Revolutionary Concepts 


NASA seeks revolutionary, transformational communications technologies that emphasize not only dramatic reduction in system size, mass, and power but also dramatic implementation and operational cost savings while improving overall communications architecture performance, including security. The proposer is expected to identify new ideas, create novel solutions and execute feasibility demonstrations. For example, there is interest in exploiting the demarcation between quantum and classical communications, specifically quantum coherent transport devices as opposed to ballistic transport devices. Emphasis for this subtopic is on the far-term (?10yrs.) insofar as mission insertion and commercialization but it is expected that the proposer proves fundamental feasibility via prototyping within the normal scope of the SBIR program. The transformational communications technology development will focus research in the following areas:


  • Systems optimized for energy efficiency (information bits per unit energy)
  • Advanced materials; smart materials; electronics embedded in structures; functional materials; graphene-based electronics/detectors
  • Technologies that address flexible, scalable digital/optical core processing topologies to support both RF and optical communications in a single terminal
  • Nanoelectronics and nanomagnetics; quantum logic gates; single electron computing; superconducting devices; technologies to leapfrog Moore’s law.
  • Quantum communications, methods for probing quantum phenomenon, methods for exploiting exotic aspects of quantum theory.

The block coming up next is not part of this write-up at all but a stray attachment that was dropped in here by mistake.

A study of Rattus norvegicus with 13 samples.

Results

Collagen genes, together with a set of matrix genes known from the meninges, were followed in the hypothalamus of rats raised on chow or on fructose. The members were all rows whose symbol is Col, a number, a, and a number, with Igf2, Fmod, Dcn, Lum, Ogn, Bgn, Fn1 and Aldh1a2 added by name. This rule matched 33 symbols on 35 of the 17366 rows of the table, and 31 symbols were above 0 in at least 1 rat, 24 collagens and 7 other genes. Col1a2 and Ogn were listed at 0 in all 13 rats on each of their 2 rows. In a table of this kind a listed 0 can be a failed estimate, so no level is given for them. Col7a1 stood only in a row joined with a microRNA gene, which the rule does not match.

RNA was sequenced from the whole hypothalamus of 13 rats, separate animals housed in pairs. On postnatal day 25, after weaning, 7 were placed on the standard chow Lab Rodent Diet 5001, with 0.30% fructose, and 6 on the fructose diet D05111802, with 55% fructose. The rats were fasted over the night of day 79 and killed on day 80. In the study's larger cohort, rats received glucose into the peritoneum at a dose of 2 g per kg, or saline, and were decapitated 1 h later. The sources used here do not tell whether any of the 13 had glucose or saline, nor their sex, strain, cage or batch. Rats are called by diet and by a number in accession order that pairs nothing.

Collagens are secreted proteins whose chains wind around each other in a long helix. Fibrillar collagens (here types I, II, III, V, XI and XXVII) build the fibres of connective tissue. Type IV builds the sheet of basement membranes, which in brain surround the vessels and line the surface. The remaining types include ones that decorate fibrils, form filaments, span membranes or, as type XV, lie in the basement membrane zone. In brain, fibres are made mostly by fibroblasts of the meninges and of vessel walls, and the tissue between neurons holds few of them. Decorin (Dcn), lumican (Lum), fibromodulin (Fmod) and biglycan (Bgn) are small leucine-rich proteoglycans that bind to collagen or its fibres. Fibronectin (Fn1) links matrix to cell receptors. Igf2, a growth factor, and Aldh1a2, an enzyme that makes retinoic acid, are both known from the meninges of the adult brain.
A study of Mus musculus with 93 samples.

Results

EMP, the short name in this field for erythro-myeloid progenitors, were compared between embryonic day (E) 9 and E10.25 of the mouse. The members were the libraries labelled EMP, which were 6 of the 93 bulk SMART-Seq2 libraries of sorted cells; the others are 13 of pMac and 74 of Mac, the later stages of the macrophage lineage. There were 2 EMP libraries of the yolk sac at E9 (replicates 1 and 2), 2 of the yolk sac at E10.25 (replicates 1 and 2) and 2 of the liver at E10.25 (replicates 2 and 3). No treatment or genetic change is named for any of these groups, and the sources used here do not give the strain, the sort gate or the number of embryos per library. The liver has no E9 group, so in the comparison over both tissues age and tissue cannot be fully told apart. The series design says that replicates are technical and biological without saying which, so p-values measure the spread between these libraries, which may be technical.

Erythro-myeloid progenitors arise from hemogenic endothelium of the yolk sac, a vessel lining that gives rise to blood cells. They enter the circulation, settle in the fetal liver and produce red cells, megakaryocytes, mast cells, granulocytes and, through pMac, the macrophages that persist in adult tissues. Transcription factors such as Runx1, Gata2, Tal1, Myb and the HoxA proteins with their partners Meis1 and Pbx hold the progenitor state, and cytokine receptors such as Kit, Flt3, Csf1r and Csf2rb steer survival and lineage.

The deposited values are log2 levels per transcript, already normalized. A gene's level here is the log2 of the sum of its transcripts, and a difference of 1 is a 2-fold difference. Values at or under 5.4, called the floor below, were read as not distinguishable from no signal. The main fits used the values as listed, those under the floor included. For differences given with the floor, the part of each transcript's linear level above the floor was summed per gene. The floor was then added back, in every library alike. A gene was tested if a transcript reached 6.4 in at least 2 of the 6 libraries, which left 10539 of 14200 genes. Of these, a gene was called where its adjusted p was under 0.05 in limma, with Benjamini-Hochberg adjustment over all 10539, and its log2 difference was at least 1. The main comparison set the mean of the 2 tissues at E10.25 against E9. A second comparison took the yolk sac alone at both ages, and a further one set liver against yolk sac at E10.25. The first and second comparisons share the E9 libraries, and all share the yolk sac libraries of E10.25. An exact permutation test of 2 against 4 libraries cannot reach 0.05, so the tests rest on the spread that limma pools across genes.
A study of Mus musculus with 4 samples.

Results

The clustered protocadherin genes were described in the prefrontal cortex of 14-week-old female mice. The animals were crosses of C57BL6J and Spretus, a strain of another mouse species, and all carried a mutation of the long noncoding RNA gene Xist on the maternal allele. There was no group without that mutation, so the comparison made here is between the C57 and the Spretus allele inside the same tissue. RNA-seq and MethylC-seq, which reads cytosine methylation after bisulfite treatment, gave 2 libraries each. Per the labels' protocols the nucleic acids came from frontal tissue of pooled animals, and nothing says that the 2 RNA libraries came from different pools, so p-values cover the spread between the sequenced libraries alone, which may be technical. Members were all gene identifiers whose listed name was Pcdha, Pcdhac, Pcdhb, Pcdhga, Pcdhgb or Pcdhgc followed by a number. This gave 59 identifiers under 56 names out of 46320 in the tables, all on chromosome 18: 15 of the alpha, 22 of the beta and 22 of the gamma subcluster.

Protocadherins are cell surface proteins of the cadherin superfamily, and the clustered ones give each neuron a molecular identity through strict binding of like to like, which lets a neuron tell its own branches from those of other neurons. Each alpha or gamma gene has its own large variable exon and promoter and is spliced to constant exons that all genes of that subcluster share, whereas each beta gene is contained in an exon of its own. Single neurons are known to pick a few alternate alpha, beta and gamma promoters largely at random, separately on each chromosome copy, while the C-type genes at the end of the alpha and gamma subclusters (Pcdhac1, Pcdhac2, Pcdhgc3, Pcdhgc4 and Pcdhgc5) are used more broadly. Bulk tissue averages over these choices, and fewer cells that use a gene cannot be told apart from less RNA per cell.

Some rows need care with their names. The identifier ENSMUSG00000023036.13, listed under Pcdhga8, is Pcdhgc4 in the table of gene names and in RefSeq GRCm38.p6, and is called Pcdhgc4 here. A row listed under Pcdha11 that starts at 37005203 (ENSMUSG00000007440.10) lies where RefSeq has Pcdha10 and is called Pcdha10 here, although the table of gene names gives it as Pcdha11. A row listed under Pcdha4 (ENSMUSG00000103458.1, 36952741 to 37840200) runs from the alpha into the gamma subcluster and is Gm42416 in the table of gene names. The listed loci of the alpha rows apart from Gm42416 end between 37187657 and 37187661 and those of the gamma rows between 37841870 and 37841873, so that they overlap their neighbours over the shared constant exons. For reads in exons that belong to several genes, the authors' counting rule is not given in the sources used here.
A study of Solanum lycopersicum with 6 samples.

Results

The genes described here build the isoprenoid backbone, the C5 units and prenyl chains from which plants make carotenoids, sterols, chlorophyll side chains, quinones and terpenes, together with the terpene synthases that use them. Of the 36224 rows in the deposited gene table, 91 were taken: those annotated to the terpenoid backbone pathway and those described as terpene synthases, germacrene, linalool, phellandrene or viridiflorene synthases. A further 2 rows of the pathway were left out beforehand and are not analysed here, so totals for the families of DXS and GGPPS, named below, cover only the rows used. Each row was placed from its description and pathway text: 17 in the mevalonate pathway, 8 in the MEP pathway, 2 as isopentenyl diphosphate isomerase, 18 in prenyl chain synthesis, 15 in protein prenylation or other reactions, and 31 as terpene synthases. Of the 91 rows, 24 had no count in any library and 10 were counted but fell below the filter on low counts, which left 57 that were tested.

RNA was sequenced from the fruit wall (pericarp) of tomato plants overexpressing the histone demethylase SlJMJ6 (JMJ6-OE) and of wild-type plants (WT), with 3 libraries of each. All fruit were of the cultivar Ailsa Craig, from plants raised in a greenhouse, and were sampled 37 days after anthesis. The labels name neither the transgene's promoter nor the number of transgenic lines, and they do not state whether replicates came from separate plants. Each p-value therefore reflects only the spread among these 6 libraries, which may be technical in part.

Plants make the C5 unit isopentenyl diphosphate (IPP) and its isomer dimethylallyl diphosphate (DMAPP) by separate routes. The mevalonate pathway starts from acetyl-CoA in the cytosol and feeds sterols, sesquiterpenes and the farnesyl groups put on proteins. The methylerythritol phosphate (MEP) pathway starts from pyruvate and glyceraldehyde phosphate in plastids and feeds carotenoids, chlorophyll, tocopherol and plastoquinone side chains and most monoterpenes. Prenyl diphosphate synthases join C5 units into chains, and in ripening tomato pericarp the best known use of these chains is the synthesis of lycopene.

• Human/machine and brain-machine interfacing; the convergence of electronic engineering and bio-engineering; neural signal interfacing.
  • Integrated photonic circuit quantum memory.


The research should be conducted to demonstrate theoretical and technical feasibility during the Phase I and Phase II development cycles and be able to demonstrate an evolutionary path to insertion within approximately 10 years. Delivery of a prototype of the most critically enabling element of the technology for NASA testing at the completion of the Phase II contract is expected.

Phase I deliverables shall include a final report describing theoretical analysis and prototyping concepts. The technology should have eventual commercialization potential. For Phase II consideration, the final report should include a detailed path towards Phase II prototype hardware.


The expected TRL for this project is 2 to 4.


NASA is seeking cutting-edge technology to keep the U.S. at the forefront of information and communications technology. For example, NASA Space Technology Roadmap TA 05 identifies quantum communications as a critical area. China launched the world’s first quantum satellite in 2016 (the Quantum Experiments at Space Scale (QUESS) satellite). A fleet of quantum-enabled craft is likely to follow. Groups from Canada, Japan, Italy and Singapore also have plans for quantum space experiments and this competition represents a new space race.